I've just come from browsing the Interwebs, following links from an old classmate's blog to another, and another.
I thought I was doing pretty good, making a living and putting my journalism degree to good use. I thought I was a success story, coming from a class of 60 who graduated on the eve of a recession and in the dying times of newspapers and journalism (because all these "Bloggers" are taking over the news, you see).
I've kept in touch with a few classmates. We commiserate on being under-paid, on how volatile the freelance thing is, and whose work we caught on CBC or in the Globe. Though I never said it out loud, I was pretty pleased with myself for jobbing it up in the journalism field.
But apparently community reporting is not good enough for some of my classmates, even some of the chronically unemployed ones. They bemoan the state of newspapers, and begrudge the lack of newspaper jobs. Hello! There are five openings in this province! Where are all these journalist wannabes when the job ads go out?? One, who did a stint at a small-town paper in Alberta, called community reporting "a joke."
Thing is, they want to write the Next Great Scoop. They want to be Barbara Frum, Stephanie Nolan, Peter Jennings and Ian Brown. (Another camp want to be Carrie Bradshaw, but that's neither here not there). And so they are too good for community reporting.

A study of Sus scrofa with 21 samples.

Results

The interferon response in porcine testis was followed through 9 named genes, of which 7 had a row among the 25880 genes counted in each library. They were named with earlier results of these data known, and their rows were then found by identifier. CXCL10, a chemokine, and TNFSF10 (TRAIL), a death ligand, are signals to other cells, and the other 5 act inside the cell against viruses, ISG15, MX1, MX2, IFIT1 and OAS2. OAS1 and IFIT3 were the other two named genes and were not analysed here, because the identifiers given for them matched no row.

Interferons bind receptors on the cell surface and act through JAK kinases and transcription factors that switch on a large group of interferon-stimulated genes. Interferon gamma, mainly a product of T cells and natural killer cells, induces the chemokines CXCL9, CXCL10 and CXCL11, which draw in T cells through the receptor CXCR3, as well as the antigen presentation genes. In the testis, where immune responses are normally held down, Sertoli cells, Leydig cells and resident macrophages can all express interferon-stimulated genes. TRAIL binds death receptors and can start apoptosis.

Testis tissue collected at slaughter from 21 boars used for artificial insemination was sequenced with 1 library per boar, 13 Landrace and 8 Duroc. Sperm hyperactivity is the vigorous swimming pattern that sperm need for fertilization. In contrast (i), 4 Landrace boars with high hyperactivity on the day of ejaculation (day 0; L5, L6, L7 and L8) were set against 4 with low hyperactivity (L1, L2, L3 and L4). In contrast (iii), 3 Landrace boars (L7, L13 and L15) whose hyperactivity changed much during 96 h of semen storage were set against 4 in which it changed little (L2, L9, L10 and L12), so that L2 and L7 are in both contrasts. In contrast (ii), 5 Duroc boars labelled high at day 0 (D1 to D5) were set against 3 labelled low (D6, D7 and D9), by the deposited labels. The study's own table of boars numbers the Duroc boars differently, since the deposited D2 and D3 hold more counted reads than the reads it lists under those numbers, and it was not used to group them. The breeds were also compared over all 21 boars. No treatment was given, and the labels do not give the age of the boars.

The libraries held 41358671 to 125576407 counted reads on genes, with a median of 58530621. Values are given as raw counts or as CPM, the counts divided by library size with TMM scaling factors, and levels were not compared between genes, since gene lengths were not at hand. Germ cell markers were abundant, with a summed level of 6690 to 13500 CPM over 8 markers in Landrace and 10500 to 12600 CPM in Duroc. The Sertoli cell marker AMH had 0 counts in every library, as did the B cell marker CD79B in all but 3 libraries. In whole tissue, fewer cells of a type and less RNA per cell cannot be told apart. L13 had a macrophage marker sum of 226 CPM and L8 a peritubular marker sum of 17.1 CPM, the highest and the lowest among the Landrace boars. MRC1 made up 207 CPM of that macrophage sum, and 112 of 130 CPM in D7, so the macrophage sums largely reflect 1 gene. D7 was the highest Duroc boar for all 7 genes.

Now I don't know where the greats got their start, but I know they didn't walk out the hallowed halls of journalism school and into top reporting jobs around the world. I would venture, when they were cub reporters, nothing was beneath them. Because good reporters find good stories everywhere.
Never mind that I have a sneaking suspicion that this line of work just ain't my thing. Never mind that I feel hopelessly inadequate sometimes. Never mind that I know I'll never write 10,000-word investigative pieces for the national papers. I have a job, and that's more than I could say for the majority of my peers.
But apparently weekly community newspapers are just not cool enough for my breed of classmates. I am sure I am not the first new grad to weigh her accomplishments against her classmates, and I certainly won't be the last. I am fiercely aware that I have many, many more years of learning ahead. Still, I wish every out-of-work reporter with sights set on the Toronto Star and The Globe and Mail would read this. And then think about where they really want to work, and whose stories they want to write.